Wednesday, April 18, 2007


That night as I tried to sleep, images of students trapped in a room with a
rampaging gunman,the floor slippery with blood, crowded my head. The only time
I was in VA Tech was about six years ago to meet with a friend who studied there
at the time. As much as I tried, it was impossible to recall the tranquility
about the campus that I had felt then.
When I saw the news on CNN in the morning while at work, my first instinct
was to get J from school and stay home with her for the rest of the day.
I thought about how ridiculously easy it is for anyone to get inside her school
and how the children were at the mercy of adults who could turn from being
caregivers to murderers like the queen of fairytales who is really a witch
and shows her true colors when least expected.
You want to make sense of such random acts of violence so you are able to protect
yourself and your loved ones. You want to attribute reason where possibly none
exists. Even with the benefit of perfect hindsight what could any of those who
died at VA Tech have done different so they may have lived ? What if any are the
lessons learnt for the survivors ? Does it make sense to understand the mind of
the killer or does one accept such aberrations as something that cannot be
controlled or changed ? Are these things acts of God like a natural calamity
or can society provide some kind of a restraining influence ?
Then you read the news which warns you that the worst is yet to come :

Gerard Baker, a columnist for The Times newspaper,
feared worse was yet to
come: "The truth is that only
an optimist would imagine Virginia Tech will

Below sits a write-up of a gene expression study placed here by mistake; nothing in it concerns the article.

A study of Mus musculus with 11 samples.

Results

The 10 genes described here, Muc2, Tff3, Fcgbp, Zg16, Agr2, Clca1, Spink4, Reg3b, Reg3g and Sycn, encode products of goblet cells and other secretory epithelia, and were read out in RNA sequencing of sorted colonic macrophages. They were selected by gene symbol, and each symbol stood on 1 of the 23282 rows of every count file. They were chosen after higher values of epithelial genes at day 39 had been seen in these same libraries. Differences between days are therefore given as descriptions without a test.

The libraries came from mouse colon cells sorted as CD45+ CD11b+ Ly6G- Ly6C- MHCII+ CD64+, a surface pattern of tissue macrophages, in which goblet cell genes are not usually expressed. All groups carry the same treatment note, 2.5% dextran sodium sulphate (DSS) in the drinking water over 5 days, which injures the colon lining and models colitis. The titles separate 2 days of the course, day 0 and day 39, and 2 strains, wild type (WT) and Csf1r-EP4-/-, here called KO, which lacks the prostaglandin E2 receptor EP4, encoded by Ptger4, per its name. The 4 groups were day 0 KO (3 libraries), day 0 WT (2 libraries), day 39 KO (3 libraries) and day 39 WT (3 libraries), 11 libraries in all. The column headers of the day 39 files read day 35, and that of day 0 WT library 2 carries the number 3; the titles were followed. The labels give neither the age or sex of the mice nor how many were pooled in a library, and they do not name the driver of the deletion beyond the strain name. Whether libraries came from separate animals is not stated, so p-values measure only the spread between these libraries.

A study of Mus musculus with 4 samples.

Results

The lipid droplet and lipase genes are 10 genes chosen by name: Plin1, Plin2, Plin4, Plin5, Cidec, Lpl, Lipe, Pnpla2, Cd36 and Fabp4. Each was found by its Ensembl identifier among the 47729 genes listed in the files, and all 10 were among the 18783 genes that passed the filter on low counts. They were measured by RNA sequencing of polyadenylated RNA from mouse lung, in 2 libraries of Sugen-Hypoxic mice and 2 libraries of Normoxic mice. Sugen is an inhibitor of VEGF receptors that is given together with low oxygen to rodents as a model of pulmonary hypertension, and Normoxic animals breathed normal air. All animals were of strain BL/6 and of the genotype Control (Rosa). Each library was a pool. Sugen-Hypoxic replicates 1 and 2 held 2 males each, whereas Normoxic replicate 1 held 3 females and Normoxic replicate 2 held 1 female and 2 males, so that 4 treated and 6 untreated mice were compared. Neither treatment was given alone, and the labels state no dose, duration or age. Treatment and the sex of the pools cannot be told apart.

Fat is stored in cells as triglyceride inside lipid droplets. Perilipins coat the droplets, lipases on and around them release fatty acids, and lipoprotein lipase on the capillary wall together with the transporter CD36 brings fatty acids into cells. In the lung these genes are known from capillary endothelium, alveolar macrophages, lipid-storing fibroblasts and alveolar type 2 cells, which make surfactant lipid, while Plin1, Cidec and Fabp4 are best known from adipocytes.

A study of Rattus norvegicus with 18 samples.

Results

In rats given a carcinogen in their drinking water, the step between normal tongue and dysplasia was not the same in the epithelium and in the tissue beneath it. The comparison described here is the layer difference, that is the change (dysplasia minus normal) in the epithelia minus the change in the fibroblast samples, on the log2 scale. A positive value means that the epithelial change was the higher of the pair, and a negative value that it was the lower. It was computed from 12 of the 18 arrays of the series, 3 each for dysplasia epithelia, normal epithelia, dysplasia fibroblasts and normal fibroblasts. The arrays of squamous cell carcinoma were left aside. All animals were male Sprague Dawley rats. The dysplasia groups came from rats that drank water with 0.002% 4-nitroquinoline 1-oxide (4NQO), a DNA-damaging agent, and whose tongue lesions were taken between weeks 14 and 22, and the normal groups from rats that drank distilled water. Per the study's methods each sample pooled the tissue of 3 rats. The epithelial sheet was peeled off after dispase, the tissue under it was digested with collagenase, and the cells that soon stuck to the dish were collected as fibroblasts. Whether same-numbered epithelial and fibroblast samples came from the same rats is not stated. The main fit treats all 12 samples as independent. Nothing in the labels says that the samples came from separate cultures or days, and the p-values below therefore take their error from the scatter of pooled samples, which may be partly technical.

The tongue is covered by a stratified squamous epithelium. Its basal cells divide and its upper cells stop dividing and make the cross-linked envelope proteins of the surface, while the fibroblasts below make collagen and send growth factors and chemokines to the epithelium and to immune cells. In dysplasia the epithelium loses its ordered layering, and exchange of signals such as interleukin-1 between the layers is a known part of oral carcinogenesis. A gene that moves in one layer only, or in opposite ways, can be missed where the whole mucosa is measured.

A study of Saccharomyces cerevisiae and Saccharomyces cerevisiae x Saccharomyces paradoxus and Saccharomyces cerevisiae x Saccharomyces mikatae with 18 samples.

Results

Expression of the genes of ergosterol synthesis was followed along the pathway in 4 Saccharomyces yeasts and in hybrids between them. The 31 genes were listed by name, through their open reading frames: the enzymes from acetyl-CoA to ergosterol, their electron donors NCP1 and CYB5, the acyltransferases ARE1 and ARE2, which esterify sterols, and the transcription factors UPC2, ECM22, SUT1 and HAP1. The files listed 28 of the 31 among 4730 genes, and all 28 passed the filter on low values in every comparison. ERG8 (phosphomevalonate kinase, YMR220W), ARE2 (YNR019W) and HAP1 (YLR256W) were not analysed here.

hold the
new record for very long."

France's Le Monde newspaper said such episodes
frequently disfigure the
"American dream."
"The ... slaughter forces American society to once
again examine itself,
its violence, the obsession with
guns of part of its population, the
troubles of its
youth, subjected to the double tyranny of abundance

and competition," it wrote.

24/7 news coverage of the tragedy will cease in time.Life will go on. We will
forget to count our blessings to be alive and return home to our families on
ordinary days. I told J about what had happened when we got home that evening.
The enormity of what had happened did not register on her but she repeated a
few times "I am a good child so the bad guy would not kill me". Being good is
her mantra for being safe.
I did not dare break her bubble and tell her that good people can get killed too,
that there are no rules in the adult world that don't have an exception. Hard
as it is to comprehend such events, it is a million times harder to try and
explain any of it to a child. I felt so tired and hopelessly defeated.


Anonymous said...

Hope you and your J are doing good.
Will catch up with you soon. You are always in our daily thots and prayers. Depend on God and he will keep us safe always.
Heartfelt condolences to the victim families and Get well wishes for the students who are coping thru the situation.

From your,

ggop said...

I can understand what a mother fears the most..I can only imagine what the victims' parents must be going through right now.

There is something deeply wrong with our society. It bothers me that Canada has more guns per capita and yet no such carnage. I was actually discussing this with a colleague who is Canadian. He mentioned we in the US as a society seem to lack compassion in our culture.

Musings.. said...

HC.. I truly share your fears.. Untill I heard of this I was seriously considering university education for my kids in the US.. Wonder if there is a safe place. As adults we cannot even draw comfort that no bad wil befall us 'good' people!!